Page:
Small talk by definition, is polite conversation about unimportant or uncontroversial matters. In this crazy, hectic world we live, everyone approaches small talk differently, some may believe it’s a waste of time, while others simply aren’t sure how to go about it. For those who know the art of small talk, it’s a way to be polite to a stranger in an elevator or to break the ice when meeting with someone new, personally or professionally. You might be surprised what you gain from a few words.
One of the keys to small talk is listening. Instead of using idle chatter just to fill silence, listen and learn from it, you can build better connections with those around you. Use the information you learn to build better relationships.
If you’re in a leadership position, small talk is important for a couple of reasons. It may feel awkward at first but with employees, it helps you establish trust, build rapport and allows you to find out what common interests you may have. Taking note of interests and certain facts is the key to making small talk easier. If you learn someone has a unique hobby or one of their children is on a traveling basketball team, it’s an easy way to connect with that person the next time you pass in the hall or have a meeting. We don’t expect you to remember every child’s name and every employees’ hobby but if you learn it, write it down as a reference, you’ll be amazed at the endearing look on someone’s face when ask how “Joey’s” team did over the weekend.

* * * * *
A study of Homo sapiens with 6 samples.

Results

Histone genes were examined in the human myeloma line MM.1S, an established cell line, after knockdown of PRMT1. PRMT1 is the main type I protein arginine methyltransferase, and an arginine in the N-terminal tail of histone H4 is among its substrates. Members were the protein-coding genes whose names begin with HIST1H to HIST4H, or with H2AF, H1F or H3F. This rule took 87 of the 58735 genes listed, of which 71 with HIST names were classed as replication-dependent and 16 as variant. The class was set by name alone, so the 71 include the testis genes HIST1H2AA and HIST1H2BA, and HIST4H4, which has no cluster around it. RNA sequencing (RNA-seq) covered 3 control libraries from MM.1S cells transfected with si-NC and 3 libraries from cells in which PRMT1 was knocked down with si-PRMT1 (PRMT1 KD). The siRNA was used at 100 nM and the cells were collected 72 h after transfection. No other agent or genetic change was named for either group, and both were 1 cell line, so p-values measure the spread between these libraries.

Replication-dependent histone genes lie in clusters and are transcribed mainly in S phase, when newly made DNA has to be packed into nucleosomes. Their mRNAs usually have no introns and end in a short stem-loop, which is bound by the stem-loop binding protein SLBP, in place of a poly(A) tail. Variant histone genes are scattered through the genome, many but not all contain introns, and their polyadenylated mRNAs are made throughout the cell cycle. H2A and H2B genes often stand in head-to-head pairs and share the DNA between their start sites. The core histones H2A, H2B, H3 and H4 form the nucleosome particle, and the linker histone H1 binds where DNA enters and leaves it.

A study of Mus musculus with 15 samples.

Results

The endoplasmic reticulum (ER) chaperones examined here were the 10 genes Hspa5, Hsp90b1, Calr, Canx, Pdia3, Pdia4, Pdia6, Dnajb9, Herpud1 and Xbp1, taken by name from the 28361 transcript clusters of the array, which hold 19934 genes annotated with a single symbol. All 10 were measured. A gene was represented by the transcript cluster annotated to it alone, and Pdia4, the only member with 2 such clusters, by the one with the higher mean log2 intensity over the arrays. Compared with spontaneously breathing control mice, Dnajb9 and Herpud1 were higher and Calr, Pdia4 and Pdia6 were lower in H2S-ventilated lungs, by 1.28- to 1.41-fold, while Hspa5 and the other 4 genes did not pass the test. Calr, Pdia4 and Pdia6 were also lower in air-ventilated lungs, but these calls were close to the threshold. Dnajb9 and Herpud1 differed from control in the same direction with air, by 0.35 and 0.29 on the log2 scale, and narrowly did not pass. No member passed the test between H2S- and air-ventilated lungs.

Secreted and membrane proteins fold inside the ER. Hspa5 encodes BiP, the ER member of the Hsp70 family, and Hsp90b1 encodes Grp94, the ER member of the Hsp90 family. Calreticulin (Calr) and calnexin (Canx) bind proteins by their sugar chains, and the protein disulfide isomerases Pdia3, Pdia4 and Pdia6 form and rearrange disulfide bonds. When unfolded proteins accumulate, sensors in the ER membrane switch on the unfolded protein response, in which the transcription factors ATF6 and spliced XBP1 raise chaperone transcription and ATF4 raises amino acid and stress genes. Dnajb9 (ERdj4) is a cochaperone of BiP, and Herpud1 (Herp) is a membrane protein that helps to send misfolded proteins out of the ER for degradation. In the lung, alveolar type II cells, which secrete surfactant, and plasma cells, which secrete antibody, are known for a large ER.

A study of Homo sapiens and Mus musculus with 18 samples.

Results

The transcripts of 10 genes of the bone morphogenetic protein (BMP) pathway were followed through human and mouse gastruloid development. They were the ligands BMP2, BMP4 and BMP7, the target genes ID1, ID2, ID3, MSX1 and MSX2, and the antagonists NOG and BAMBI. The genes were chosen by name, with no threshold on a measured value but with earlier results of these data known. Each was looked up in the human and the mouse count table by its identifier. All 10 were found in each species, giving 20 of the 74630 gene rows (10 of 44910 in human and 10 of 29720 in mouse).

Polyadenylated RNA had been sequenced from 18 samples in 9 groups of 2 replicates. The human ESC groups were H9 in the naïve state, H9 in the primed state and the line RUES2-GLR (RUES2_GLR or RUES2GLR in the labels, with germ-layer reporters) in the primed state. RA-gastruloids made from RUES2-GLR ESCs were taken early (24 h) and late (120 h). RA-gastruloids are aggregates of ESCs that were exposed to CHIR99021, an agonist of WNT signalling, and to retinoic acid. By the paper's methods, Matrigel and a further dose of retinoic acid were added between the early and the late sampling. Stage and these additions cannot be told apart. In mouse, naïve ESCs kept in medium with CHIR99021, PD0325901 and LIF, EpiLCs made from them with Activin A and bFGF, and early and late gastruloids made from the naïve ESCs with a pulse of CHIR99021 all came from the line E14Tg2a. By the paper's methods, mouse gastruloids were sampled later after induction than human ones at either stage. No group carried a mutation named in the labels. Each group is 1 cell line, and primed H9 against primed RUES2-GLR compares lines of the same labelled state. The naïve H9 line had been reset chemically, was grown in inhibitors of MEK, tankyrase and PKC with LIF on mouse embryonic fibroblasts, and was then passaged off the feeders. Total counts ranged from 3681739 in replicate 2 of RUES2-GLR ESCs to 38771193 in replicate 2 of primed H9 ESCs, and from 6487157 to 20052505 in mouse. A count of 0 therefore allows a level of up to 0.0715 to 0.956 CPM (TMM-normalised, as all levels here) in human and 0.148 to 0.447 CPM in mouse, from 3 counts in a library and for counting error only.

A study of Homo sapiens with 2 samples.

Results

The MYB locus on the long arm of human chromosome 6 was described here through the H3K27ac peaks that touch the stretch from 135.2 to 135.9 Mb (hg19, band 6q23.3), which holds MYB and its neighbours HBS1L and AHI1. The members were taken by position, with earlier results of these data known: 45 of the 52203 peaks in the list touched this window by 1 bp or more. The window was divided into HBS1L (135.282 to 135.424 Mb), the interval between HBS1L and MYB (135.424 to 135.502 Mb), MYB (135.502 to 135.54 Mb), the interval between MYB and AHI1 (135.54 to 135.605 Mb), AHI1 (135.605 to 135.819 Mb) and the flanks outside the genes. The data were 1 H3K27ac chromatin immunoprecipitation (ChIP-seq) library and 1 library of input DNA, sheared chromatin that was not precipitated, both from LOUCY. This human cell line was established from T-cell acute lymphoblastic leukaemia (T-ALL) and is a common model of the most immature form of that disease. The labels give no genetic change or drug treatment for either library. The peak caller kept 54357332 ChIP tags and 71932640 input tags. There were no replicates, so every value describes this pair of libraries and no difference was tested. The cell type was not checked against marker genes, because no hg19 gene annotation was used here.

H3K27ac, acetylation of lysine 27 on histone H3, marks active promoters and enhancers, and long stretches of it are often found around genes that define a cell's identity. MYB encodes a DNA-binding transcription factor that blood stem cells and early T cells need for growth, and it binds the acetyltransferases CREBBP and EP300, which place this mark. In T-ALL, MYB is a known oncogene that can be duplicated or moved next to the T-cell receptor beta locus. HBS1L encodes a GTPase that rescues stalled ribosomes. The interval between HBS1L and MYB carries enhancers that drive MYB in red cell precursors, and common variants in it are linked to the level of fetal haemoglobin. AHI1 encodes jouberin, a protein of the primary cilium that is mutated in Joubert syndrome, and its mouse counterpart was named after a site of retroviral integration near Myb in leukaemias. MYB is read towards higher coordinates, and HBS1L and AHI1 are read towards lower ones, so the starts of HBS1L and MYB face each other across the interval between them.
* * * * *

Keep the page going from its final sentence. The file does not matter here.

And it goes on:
The most common topic of small talk is usually the weather, depending where you live, you’re never at a loss, especially in the winter. Small talk can also be as simple as “How’s your day going?”
Take the challenge, whether it’s a social event, the person standing next to you in the checkout line or a team member at work, take the time to listen and learn, it just might translate into a new business deal, happier employees or making a new friend.